Recovery Is Not A Straight Line


I am in a comfortable place in my recovery journey where I would like to talk about some of my achievements and some of my downfalls. Throughout the time leaving treatment at 12 years old to my life as a 20-year-old young adult today, a lot has changed to say the least.

My recovery journey has helped me learn more about myself than I probably would have never discovered. I have learned how powerful my voice is, and that there is no reason to try and live your life desiring to impress others. Growing up, and especially when I was very sick, I was always a perfectionist. I played sports and ran, which was my biggest joy in my life, yet I always had to be the best and fastest. Also, in school, I would beat myself up over anything less than an A. These signs of having to be perfect are often very common among those with eating disorders. I now know that I do not have to be the best in everything I do, because as long as I’m working hard and trying my best, that is enough for me.

Also, when my eating disorder had taken over my life, that was all I cared about. Nothing else mattered other than food, calories, and the number on that scale. Throughout my recovery, I have discovered my own thoughts and how I really felt about things, the way Jessica felt, not what my eating disorder made me think and feel. That being said, recovery has not been a straight line in any means. Through recovery, I have gained my relationship back with my parents, that my eating disorder had destroyed due to the constant arguments over food and how mean and isolated my illness made me become. One achievement is that I graduated from high school, with not all A’s, but A’s and B’s throughout, which I learned is good enough! I had the best four years in high school meeting some great friends, and my boyfriend senior year, who I now live with today! I also got to go to prom two times, which my family never thought they would get to see me do.

I have enjoyed my years since my darkest times stuck in my eating disorder and am so happy I chose recovery. Recovery is still a daily choice, however not a daily struggle. I want to emphasize on the meaning of this in a couple different ways. First, throughout high school I tried my best to stay strong in recovery even through some difficult times. I was still listening to my eating disorder a lot of the time, which made some days harder than others. There were a lot of days when hearing the negative body image talk throughout my friends really began bothering me, yet I did not stop them or engage in conversation. I now remove myself from bad body image talk or ask the person to not talk that way about themselves because it is triggering me, and to let them know they are beautiful just as they are.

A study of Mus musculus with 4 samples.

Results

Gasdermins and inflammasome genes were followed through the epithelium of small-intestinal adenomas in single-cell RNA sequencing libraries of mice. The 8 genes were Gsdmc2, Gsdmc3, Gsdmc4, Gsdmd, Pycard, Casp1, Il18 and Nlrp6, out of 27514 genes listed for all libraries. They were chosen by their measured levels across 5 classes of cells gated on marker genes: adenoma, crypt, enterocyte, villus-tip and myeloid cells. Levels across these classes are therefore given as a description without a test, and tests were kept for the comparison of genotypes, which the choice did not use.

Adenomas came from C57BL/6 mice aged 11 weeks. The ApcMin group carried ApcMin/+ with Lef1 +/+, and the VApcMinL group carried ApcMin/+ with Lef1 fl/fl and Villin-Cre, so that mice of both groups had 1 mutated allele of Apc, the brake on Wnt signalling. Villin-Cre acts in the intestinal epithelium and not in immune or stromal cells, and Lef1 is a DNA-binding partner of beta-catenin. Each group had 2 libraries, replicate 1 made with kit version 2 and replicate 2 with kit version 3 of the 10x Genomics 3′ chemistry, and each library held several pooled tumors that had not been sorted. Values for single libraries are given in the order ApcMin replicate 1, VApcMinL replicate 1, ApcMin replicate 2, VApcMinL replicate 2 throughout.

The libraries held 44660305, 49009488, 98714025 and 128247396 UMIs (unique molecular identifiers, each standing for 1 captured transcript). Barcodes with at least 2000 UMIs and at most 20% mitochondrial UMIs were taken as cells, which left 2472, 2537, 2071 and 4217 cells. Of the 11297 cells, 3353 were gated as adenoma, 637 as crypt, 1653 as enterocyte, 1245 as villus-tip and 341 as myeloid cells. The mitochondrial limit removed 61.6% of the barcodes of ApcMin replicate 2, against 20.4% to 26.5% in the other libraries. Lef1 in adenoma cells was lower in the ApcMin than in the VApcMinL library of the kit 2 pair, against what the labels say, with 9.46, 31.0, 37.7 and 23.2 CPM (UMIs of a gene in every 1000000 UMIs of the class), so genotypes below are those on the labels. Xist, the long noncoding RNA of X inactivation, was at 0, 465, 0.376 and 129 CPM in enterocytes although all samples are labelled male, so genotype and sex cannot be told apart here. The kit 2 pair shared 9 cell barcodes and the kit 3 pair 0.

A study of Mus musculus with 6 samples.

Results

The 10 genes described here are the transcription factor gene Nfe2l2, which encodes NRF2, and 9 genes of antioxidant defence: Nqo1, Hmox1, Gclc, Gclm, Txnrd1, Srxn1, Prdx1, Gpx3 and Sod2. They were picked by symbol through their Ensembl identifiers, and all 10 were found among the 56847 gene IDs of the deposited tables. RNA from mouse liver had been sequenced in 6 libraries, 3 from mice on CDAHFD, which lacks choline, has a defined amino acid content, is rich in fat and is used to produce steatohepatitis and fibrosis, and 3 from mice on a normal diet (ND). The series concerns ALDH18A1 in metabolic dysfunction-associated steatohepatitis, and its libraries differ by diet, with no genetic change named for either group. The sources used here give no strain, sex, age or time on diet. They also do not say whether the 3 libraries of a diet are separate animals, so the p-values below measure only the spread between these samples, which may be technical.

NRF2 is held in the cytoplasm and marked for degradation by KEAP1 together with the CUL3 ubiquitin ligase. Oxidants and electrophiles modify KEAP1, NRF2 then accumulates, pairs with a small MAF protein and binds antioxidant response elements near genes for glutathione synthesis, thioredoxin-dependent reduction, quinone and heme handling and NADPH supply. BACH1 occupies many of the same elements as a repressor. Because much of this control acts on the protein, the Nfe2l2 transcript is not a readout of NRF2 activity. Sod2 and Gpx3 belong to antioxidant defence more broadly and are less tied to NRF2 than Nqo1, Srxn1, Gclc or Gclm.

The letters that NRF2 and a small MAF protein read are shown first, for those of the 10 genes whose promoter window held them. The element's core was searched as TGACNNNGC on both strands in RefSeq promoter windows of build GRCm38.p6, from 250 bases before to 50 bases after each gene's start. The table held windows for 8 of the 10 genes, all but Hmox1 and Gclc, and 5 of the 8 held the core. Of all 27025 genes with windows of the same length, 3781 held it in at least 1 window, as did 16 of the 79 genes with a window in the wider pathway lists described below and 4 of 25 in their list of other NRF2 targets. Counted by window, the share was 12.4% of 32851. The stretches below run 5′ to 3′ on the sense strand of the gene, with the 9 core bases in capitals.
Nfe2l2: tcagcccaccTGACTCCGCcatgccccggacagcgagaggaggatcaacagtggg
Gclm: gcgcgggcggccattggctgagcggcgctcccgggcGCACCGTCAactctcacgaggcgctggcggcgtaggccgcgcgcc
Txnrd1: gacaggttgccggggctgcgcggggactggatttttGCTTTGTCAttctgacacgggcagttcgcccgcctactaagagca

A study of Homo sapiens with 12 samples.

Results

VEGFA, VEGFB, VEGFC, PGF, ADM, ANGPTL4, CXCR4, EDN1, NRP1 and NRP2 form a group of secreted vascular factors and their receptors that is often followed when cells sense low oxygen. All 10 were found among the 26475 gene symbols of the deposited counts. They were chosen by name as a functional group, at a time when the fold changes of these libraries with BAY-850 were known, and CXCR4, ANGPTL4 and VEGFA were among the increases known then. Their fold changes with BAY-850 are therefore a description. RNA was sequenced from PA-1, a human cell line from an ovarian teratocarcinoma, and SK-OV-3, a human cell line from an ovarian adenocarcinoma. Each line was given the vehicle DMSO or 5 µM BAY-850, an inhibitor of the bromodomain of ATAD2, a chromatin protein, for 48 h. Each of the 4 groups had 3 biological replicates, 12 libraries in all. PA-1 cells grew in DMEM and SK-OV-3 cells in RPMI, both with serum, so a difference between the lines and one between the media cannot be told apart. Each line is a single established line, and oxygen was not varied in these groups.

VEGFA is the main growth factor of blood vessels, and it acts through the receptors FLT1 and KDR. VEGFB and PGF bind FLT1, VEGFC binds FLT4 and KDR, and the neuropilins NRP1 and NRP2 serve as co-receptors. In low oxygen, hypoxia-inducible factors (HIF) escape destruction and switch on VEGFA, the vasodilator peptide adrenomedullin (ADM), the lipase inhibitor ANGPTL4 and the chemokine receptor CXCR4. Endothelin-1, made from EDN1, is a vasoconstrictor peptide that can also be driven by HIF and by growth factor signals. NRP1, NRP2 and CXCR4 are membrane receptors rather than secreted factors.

Senior year I was just ready to get out of high school, and ready to move into my summer shore house with all of my friends. However, I was not putting my all into recovery, and definitely not eating enough to sustain the energy I needed to get through each day in school and work. I wanted to look good and slim for prom and the summer, which gave my eating disorder a happy burst and thought it was his time to help me achieve that goal. Luckily, I stayed healthy throughout that summer and reached out to my friends when I knew I was beginning to slip up. This is what I mean when I say choose recovery. You see, a huge accomplishment for me is reaching out to people when I need some extra help. I recently reached out to my old therapist who I haven’t needed since I was 14 years old, yet I knew to prevent a possible relapse, I wanted and needed her help. I used to be embarrassed and ashamed of my struggles, but now I know the worst thing you can do is keep how your feeling inside. When I felt most alone, I began feeling anxious all of the time and of course out of control. To keep myself on track, this is what I need to do, and I will continue to reach out whenever I need to.

Another huge accomplishment for my recovery is eating intuitively. I was so scared for most of my life to eat when I wanted, and how much I wanted, until I was full. I always had ED on my shoulder telling me I’ve had enough to eat, and I continued to listen to the rules I had made up in my head regarding food. However, today in my recovery I am able to eat my fear foods I once had for a very long time as much as I want and how often I wish to chose to eat them. I no longer listen if ED wants to chime in when I am out to dinner and see the calories listed on the menu, wanting me to choose the lowest amount possible. I chose what I want to eat and that to me is my biggest achievement. I feel the strongest I’ve ever felt especially knowing I have the power to ignore ED in order to keep my sanity and health. I want everyone to know how much work I put into my recovery even to this day, and it's okay to not be perfect. It is completely normal to have bad days, as long as you do not allow your bad days to overpower the good ones. Recovery is not a straight line, yet it is the most rewarding gift waking up every day freeing myself from my biggest demon that once controlled every aspect of myself and life.

About the Author: Jessica Koller resides in Philadelphia Pennsylvania. Jess works as a daycare teacher for infants and young toddlers.  At Project HEAL, Jess is working on monthly blogs for our site to help share with others her story in hopes of inspiring individuals who are currently struggling or in recovery as well.  Jess is passionate about helping others, animals, and playing sports. Her favorite icecream is mint chocolate chip and loves spending time with friends and family.